The Great Unbundling of Email

Since it was first written in 1982, the Simple Mail Transfer Protocol, the mechanism for sending emails, has remained largely remained unchanged. Today SMTP delivers 70 trillion emails to 5B inboxes each year. Overwhelmed by tens of thousands of emails, most of us can sympathize with Nick Bilton, who said:

There is no escape: Email is probably most invasive form of communication yet devised.

Unlike SMTP, email is changing very quickly. In particular, email is undergoing a great unbundling, similar to Craigslist’s, in which startups are seizing upon important use cases of a generic service and building a better, dedicated version of it as a stand-alone company/product. This is happening to a certain extent in consumer products like ephemeral messaging (SnapChat) and location sharing (Glympse).

But the trend is much broader in B2B products. I’ve seen it first-hand when we switched to RelateIQ as our CRM. Instead of going to my email inbox in the morning to see what’s new with the opportunities we’re evaluating at Redpoint, I go to RelateIQ. First, to be able to see across the inboxes of my partners, and see all the companies we’re speaking to. Second, to be able to quickly find information relevant to a particular company or person: all the email/meeting history. Third, to enforce a workflow around email, e.g., timely follow-ups. All of these emails to and from startups, I handle within RelateIQ, not Gmail.

This trend of segmenting email into a dedicated, smart-inbox-with-workflow is broader than CRM. Customer support software like Zendesk is probably the oldest example of an app that segments a chunk of email and wraps it with prescriptive workflow. LinkedIn’s InMail is a similar system for recruiting. Yammer has removed water-cooler emails from inboxes. Contactually segments email for network relationship management. Similarly, I believe every major category of large volume, workflow email will be segmented into a dedicated app in this way.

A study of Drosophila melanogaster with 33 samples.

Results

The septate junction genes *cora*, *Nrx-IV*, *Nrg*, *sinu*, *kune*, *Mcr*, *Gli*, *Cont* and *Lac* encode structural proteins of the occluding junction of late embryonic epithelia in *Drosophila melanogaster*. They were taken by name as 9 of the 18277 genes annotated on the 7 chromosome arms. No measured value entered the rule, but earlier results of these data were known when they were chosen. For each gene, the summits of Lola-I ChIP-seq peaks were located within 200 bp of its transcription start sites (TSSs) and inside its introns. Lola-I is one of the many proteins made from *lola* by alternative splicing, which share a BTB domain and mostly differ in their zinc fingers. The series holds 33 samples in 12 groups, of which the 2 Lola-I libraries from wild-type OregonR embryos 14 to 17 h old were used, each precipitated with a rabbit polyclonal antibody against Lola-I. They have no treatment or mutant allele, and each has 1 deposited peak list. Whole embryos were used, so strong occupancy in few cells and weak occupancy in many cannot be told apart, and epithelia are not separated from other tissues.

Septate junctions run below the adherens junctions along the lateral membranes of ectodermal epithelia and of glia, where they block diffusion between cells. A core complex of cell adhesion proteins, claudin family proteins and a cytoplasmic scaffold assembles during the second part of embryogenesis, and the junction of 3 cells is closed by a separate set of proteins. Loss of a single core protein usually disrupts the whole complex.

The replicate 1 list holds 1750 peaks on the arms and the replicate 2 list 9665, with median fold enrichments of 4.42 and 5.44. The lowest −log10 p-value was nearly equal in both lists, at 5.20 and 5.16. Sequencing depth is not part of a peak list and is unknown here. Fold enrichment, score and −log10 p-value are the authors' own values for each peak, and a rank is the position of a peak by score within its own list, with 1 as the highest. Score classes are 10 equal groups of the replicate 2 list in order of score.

Most users won’t want more than a few separate inboxes, perhaps 1-3. But those 1-3 inboxes will be disproportionately valuable because users will live in those dedicated inboxes. These dedicated apps enable users to win their time back by providing all the context users need to act upon the email. Mobile is an important driver for email segmentation because the lack of contextual information makes it even more difficult to process emails than usual. Machine learning is a second key enabler because it enables filtering, categorization and smart reminders.

At this point in email’s unbundling, the volume of email in our business inboxes hasn’t declined, and it may never decline because most of the automation is on the outbound side, making it easier and easier to send larger volumes of email. When both sender and receiver have intelligent workflow apps or are trained to log into workflow apps first, the most effective way of reminding users to return to workflow won’t be email reminders or push messages. And then, perhaps email volumes will fall.

But, even if email volumes don’t decline, workflow-based email products will enable us to process much larger volumes of email than we are today.